By Brandon Gillet
It all started with an idea he inserted into a talk shortly before going on stage. University of Ottawa professor Andrew Pelling had no inkling that this last-minute thought would result in a bold new initiative to bring science to the masses and encourage their curiosity, creativity and craziest ideas.
Last year, as he was preparing to give a public talk, Pelling thought of a novel way to help the audience relate to the playful, curiosity-driven research that takes place in the Pelling Laboratory for Biophysical Manipulation at uOttawa.
Wouldn’t it be cool, he told the audience, if a lab like his was out in the community, like a factory, so anyone could engage with it? After the talk, he was inundated with questions about this facility – which didn’t actually exist.
“I just thought it would be a way to spark a conversation,” he said. “But I got off stage, and there was a line of people saying, ‘where is it?’ and ‘when is it open?’ And I said, ‘guys, I have no factory’.”
Responsibility to create
Then emails began arriving, from corporations, museums and community groups. “I figured I had a responsibility now to figure out what I’d created!” Pelling said.
Thus, pHacktory was born – but with no one physical location, he explains, because it’s everywhere.
“pHacktory is a research lab – for anything, really,” he said. “It’s independent of any institution, on purpose, because we will be curating research projects that are likely to blow up in our faces. So it’s important we take all the risk, rather than sink somebody else’s ship.”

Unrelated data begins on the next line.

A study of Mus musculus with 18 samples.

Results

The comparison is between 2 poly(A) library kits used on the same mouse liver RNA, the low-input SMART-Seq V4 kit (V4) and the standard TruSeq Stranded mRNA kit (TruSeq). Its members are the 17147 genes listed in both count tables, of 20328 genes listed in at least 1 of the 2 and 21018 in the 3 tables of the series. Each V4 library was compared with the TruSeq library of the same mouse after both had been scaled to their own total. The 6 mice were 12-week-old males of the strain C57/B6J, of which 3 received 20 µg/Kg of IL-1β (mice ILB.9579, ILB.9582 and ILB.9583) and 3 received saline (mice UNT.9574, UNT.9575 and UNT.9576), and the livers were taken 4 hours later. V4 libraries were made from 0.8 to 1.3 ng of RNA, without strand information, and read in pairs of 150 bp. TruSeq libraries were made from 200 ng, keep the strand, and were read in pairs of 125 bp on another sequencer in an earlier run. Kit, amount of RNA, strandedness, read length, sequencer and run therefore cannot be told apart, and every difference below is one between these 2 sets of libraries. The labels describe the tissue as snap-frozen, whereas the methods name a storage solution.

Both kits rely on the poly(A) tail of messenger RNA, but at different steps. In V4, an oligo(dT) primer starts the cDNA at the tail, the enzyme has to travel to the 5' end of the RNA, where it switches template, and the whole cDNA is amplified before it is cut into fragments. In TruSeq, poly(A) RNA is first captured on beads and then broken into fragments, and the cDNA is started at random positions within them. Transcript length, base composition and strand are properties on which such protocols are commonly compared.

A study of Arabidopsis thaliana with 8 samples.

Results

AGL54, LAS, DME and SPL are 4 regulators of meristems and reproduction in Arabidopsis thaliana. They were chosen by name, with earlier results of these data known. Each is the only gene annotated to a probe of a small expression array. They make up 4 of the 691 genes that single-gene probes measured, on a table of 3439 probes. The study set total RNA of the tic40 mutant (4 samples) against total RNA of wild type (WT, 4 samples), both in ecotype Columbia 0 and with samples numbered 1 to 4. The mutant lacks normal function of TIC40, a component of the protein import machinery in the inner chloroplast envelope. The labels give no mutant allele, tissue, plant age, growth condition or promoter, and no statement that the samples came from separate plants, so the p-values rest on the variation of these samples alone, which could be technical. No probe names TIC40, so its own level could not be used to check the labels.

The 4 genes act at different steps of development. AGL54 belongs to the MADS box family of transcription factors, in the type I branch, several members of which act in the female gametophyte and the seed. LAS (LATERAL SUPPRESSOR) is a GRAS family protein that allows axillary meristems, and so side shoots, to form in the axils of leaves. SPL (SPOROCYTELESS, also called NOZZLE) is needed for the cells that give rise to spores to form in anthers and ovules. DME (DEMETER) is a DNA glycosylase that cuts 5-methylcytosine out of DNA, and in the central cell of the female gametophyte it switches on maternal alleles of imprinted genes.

“We want ideas that are basically 99%-certain to fail. When we see a proposal, we want to be able to look at it and say, ‘this is nuts’. The point is, if we can pull this idea off, how transformative and awesome would it be? We want to send the message that curiosity and playfulness matter – it’s how you discover things you never would have expected.”
pHacktory’s founding partners are Shopify, the Canada Science and Technology Museum, the Children’s Hospital of Eastern Ontario, and RobotMissions.org. In the coming months, the new street-level lab will issue public calls for proposals for the zaniest research ideas they can dream up.
To demonstrate the kind of thing he has in mind, Pelling was inspired by conversations with his friend Manuel A. Báez, an associate professor at Carleton University’s Azrieli School of Architecture and Urbanism. He and Pelling were discussing the concept of shape-shifting buildings: structures that can be made to change shape in response to sensors or human interaction.
To get a point of his research across, Báez came up with the idea of tying 1000 helium-filled balloons together and pushing them off the roof of a parking garage in the Byward Market. The balloons would form a canopy-like structure (inspired by the work of Catalan architect Antoni Gaudi) that passers-by could manipulate by yanking on strings, simulating the idea of a building changing shape.
On the evening of Saturday, October 1, a massive, illuminated balloon structure rolled off a parking garage roof and into Williams Square, to the cheers and laughter of the crowd of all ages gathering below. And pHacktory’s public launch was a suitably wild success.